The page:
Capturing the Enigma Machine
The British decrypters at Bletchley Park, just outside London, had not been able to crack the coded messages produced by the Enigma Machine. At its peak, 10,000 people were involved at the Government Code and Cipher School.
Commander Baker-Cresswell achieved the ultimate prize: An Enigma Machine intact, with its Rotors and Settings.
At that time, the Germans had a coding machine called Enigma, which they believed allowed their naval ships to send and receive messages from the Naval Command, that could not be broken by the British or their Allies.
In particular, Admiral Donitz used this machine to orchestrate the movements and attacks of his U-Boat Fleet in the Battle of the Atlantic.
Bulldog was attacking a U-Boat contact, suddenly, and unexpectedly U-110 surfaced, the immediate reaction of any Escort Captain is to go full ahead and ram. Baker-Cresswell, in a split second decision, stopped his Destroyer from ramming this U-Boat, and most likely sinking her. On his bridge, he recalled in his mind attending a Staff College lecture about the capture of ciphers in 1914, from a stricken German Naval vessel.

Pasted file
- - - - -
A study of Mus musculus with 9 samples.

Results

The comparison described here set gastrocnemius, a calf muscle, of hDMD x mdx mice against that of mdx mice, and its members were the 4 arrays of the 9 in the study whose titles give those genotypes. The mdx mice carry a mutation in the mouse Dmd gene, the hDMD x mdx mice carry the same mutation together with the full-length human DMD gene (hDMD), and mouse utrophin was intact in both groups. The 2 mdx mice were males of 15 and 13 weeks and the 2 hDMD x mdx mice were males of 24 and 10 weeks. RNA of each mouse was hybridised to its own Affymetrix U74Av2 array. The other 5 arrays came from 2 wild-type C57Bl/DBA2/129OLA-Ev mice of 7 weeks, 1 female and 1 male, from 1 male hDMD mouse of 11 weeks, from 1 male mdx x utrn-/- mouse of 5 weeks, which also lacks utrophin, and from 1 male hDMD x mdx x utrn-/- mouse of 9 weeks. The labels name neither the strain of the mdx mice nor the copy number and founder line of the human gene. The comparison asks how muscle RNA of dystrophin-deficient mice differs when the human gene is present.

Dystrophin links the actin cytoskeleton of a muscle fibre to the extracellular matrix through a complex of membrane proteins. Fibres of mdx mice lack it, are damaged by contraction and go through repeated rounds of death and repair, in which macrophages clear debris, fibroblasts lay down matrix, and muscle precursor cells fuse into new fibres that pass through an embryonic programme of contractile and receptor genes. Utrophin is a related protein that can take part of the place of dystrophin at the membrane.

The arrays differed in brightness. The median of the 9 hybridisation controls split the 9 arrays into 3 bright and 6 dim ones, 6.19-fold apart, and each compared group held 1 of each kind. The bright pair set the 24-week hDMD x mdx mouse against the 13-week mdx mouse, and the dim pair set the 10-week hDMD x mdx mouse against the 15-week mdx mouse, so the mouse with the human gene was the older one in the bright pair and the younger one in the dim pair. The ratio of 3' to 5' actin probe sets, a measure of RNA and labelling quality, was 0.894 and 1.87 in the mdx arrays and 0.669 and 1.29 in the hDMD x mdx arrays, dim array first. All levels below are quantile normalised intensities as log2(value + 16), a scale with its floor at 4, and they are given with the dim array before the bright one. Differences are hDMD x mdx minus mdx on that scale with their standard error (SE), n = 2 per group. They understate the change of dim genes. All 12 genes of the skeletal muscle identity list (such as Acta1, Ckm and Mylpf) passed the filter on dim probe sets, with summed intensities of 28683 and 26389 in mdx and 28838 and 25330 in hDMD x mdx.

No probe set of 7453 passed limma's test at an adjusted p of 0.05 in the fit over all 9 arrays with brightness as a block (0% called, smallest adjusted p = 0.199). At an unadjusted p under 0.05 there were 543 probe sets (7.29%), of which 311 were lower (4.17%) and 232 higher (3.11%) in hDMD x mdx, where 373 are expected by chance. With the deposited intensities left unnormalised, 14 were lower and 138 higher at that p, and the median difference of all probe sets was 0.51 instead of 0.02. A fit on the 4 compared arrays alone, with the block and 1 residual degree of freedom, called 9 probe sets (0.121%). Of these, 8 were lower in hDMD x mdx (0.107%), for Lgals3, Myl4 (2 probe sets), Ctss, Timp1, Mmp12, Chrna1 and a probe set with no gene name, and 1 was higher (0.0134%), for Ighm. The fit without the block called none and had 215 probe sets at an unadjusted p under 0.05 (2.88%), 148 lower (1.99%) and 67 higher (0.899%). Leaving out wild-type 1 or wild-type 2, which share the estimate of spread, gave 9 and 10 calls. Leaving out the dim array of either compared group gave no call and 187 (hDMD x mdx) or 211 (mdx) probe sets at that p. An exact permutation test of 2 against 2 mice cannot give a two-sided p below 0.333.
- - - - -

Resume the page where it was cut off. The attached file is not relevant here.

He quickly realised his opportunity to emulate this feat, and ordered the launching of a boarding party from his ship under the command of Sub Lieutenant David Balme.
On board U-110, scuttling charges that were set, did not operate, and the British Sailors quickly located and collected Enigma, and its essential accessories.
The First Sea Lord delighted
Bulldog's Commanding Officer was awarded a Distinguished Service Order, and at the investiture, King George V1 told him, your action is " The most significant event of the War at Sea."
For many years this story remained a tightly held secret - the Official Historian did not learn about it until 1957, and the total story only saw the light of day, when, in 1997, Peter Padfield published his book " War Beneath the Sea."
Joe Baker-Cresswell made it to Captain, Royal Navy, and retired in 1957, and lived to be 96, when he died in May of 1997.
His quick thinking changed the course of "The Battle of the Atlantic." in particular, and "The War at Sea." in general.